Latest Team Rankings
Free Text Alerts
|ShopMobileRadio RSSRivals.com Yahoo! Sports|
|College Teams||High Schools|
April 19, 2013
Indeed, athletic director Greg Byrne has not been shy about changing the game in his short time heading UA sports. Byrne has been particularly aggressive with football. He acted quickly with the release of Mike Stoops, snapped up Rich Rodriguez just six weeks later, and has spearheaded the many renovations of venerable Arizona Stadium.
Byrne has indeed been ambitious. And with a $72.3 million price tag, maximizing return on the investment is not an unreasonable goal. But how will the completion of the LSFF adjust expectations?
Quantifying success through dollars is not an exact science. Opinions will differ, and all are subjective. The first and most obvious answer is readily evident, even to those without rose-colored glasses. That UA is the only program of the former Pac-10 Conference to never play in the Rose Bowl game hangs over every accomplishment.
Dick Tomey was close to reaching Pasadena a few times in his 14 years at the helm. With seven bowl appearances in that stretch, the Tomey years are some of the most successful in program history.
Imagining a coach lasting 14 seasons with seven postseasons and no Rose Bowls in today's college football landscape is unfathomable. Take away Oregon State's Mike Riley, and the Pac-12 Conference's coaches enter 2013 with a combined 13 seasons of experience entering the next season.
The era's prevailing attitude has already elevated the bar on expectations. Add a pricy construction project, and demand would seemingly rise proportionately.
No authority signs off on such costly measures with a goal of merely getting consistently good football. To wit, California fired the coach with the most wins in Golden Bears history, Jeff Tedford, after last season. Coincidentally - or not - last season also marked the completion of $321 million in upgrades to Memorial Stadium.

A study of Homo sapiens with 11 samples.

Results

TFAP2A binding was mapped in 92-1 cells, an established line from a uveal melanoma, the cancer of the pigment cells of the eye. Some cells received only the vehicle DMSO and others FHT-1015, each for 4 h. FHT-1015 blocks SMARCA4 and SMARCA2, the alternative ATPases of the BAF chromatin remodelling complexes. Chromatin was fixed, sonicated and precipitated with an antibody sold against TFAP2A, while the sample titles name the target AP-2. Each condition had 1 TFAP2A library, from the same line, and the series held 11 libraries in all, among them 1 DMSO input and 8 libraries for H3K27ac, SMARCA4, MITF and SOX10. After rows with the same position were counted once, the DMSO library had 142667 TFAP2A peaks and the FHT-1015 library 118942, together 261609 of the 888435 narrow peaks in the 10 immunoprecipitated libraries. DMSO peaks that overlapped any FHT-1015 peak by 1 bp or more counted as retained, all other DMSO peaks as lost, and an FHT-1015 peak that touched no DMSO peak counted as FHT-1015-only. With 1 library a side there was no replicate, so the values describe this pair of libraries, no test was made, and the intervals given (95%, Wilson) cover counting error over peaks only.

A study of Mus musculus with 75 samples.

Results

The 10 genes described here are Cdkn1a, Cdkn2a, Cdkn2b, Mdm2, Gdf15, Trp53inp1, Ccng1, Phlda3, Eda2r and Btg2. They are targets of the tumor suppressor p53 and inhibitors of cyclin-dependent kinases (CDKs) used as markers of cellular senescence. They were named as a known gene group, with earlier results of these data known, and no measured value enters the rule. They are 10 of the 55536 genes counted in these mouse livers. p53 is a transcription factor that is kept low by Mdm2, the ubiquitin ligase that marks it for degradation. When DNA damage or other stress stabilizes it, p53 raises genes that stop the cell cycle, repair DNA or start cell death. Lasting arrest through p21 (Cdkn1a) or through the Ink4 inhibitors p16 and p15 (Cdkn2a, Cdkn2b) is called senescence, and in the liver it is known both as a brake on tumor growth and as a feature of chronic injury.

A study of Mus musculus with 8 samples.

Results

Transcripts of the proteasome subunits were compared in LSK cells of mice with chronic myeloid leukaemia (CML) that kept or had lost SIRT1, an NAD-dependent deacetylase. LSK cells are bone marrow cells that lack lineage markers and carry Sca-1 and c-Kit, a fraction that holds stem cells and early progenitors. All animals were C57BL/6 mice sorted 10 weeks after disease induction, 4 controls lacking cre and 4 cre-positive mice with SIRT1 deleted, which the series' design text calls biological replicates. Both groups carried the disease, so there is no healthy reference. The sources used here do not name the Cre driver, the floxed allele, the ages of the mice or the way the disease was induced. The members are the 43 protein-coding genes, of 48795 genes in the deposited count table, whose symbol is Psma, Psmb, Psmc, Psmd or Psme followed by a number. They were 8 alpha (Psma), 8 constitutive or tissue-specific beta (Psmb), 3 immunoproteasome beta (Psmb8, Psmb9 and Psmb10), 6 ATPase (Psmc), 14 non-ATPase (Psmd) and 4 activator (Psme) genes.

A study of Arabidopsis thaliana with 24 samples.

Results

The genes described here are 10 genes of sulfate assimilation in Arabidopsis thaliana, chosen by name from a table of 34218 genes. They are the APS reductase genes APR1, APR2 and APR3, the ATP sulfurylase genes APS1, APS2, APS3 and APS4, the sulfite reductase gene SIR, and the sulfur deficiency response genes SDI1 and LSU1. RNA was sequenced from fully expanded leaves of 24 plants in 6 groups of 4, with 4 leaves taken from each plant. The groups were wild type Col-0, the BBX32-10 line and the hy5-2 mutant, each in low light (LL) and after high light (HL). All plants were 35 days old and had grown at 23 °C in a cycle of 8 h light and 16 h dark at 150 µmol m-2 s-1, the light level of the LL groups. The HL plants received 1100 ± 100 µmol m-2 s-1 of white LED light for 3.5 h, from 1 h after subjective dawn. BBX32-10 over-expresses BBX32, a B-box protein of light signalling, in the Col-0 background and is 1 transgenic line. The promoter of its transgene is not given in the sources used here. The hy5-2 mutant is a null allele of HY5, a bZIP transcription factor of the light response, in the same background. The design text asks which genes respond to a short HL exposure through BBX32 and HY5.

Tedford had sustained success at Cal, but no Rose Bowl appearances.
The Rose Bowl is a benchmark for UA. But in a decade's time, do one Rose Bowl and a series of eight- or nine-win seasons suffice? Does the LSFF spell national championship or bust?
After all, when speaking to reporters prior to last week's spring game, Byrne compared two-time defending champion Alabama's weight room to the new facility within the LSFF.
But Ragle also mentioned, "Just because you have a nice building doesn't make you a great football program."
Wildcat football has a new recruiting tool and greater amenities for its current players. It's important to note that UA is hardly the only Pac-12 football program that invested in upgraded facilities recently:
*Washington State modernized Martin Stadium to the tune of $61 million.
*Cal christened desperately needed renovations to Memorial Stadium last summer.
*Washington opens the new Husky Stadium this year with a quarter-billion dollars of improvements.
*Arizona State has publicly considered different renovations to Sun Devil Stadium that could begin as early as the end of the 2013 season.
*USC opened the John McKay Center last summer, a $70 million multipurpose facility.
Another commonality uniting each of these programs is their pursuit of college football's pinnacle. Not every team can be No. 1, but none are striving for anything less.